Why Doesn't my Green Tea Taste Good?
Green tea is supposed to taste good, right? Everyone says it's so good for you, it tastes amazing, and then you have a cup and it tastes...bad. Like really bitter. Is it supposed to bitter?
The easy answer is: no.
Green tea IS delicious, it's just delicate. So if your green tea is not to your liking, here's a few things to try.
The Right Way to Brew Green TeaThe two major reasons why green tea will taste bitter is because:
- the water temperature is too hot (e.g. boiling instead of say 175°F), and/or
- the tea has steeped too long, (e.g. 6 minutes instead of say 3 minutes).
How to Enjoy Green Tea
First, make sure to read the instructions on your tea packaging. A good tea brand will specify steeping directions. Next, consider:
Using the Right Water Temperature for Green Tea
If you don’t have the directions on hand, a good temperature range for green tea is 160°F to 175°F. If you don’t have a tea kettle with a variable temperature setting or a thermometer, watch until tiny bubbles start to appear, then take the water off the heat. If you find that the flavor is too weak, you can try upping the temperature. Some green teas withstand higher temperatures, up to 185°F.
Keeping Your Steep Times short
Once you've poured hot water over your tea, start a timer. You can try steep times at 2 min, 3 min, and 4 min. A good quality loose leaf tea will give you multiple infusions per serving. That means you can steep the tea for a few minutes, remove the tea leaves, enjoy your cup of tea, then reheat water and repeat the process. (For enjoying multiple infusions, we recommend a loose leaf infuser with a drip dish like this one, which makes it easy to set aside and save for later.)
When you taste your green tea made with hot but not boiling water, and it's not oversteeped, you may be surprised by the flavor. It will depend on what kind of green tea it is, but green teas offer a range of flavor notes, from sweet to floral to smoky to grassy.
Fixing Your Green Tea To Taste Better
How to make your bitter tea better: If you've found you've accidentally oversteeped your tea and it's getting that astringent taste, there are a couple quick fixes.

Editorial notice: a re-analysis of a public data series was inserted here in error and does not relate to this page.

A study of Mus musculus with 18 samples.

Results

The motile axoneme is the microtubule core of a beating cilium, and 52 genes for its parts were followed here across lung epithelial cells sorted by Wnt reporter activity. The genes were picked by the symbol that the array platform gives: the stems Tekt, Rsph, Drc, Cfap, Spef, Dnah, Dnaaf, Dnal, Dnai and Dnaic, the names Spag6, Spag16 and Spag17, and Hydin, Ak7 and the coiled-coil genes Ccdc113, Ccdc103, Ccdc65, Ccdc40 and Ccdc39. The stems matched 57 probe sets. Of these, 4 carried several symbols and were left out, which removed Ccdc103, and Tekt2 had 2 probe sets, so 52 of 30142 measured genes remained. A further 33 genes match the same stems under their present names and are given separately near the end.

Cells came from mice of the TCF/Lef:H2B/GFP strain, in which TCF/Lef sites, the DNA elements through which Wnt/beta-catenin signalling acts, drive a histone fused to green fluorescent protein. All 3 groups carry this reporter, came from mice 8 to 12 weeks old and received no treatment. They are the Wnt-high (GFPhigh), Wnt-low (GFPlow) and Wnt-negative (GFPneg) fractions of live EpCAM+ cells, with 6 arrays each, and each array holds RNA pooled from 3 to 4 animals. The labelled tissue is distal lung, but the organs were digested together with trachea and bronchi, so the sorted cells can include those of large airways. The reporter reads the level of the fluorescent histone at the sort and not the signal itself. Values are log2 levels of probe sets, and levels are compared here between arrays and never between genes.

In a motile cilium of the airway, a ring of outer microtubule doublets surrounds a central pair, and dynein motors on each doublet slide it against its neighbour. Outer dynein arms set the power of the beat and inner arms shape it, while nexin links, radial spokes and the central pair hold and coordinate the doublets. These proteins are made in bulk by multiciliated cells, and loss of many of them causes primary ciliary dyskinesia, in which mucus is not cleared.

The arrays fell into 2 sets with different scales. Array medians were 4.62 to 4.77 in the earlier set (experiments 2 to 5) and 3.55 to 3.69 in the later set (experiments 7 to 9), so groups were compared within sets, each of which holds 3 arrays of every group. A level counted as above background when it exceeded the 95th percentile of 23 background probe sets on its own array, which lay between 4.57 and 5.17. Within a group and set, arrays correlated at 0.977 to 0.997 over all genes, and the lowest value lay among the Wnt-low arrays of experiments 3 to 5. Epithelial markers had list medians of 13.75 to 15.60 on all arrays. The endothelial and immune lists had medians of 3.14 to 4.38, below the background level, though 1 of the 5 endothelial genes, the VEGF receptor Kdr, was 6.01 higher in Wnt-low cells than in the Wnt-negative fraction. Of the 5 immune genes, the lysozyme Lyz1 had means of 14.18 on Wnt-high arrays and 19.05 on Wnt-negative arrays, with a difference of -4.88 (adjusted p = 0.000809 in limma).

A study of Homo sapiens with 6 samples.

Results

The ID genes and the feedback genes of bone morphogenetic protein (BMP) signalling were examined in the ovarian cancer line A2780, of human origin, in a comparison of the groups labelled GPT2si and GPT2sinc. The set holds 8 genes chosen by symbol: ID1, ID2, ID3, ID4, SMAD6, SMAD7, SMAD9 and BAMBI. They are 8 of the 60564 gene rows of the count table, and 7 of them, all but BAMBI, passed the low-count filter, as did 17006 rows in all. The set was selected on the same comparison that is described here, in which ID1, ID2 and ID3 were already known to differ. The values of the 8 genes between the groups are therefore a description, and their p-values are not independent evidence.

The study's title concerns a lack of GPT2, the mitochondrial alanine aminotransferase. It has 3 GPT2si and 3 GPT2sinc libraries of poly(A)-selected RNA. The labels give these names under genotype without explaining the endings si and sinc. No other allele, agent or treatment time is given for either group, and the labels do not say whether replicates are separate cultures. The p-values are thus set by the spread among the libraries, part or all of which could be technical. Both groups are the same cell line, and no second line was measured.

Add a little more hot water to the overly strong tea in your cup. This should dilute the tannins and other polyphenols, which cause green tea to taste bitter.
- You can add a bit of honey, which balances out the bitter with sweetness and also makes the flavors come alive a bit.
- You can also try it with a bit of lemon, which has a light acidity and sweet undertone that can brighten up the more vegetal notes of green tea.
Lastly, make sure you use fresh, well-stored tea. Tea that is stale will not yield the most pleasant taste. Sunlight, moisture, and air all make tea go stale.
If You Want to Like Green Tea...
Keep trying different tea flavors and steeping methods. Play around with temperatures and steep times until you find what works—there are no wrong answers! And know that a method that works for one kind of green tea may have a different result for a different green tea. There's a whole huge world of tea out there!
Our Serenity Jasmine Green Tea is a good introductory tea to experiment with, as it is on the more robust side of green teas and can tolerate higher temperatures. We recommend steeping 1 teaspoon at 180°F for 3 minutes. It gives generously for two infusions. It also makes a fantastic iced tea, particularly using the cold brew method explained here.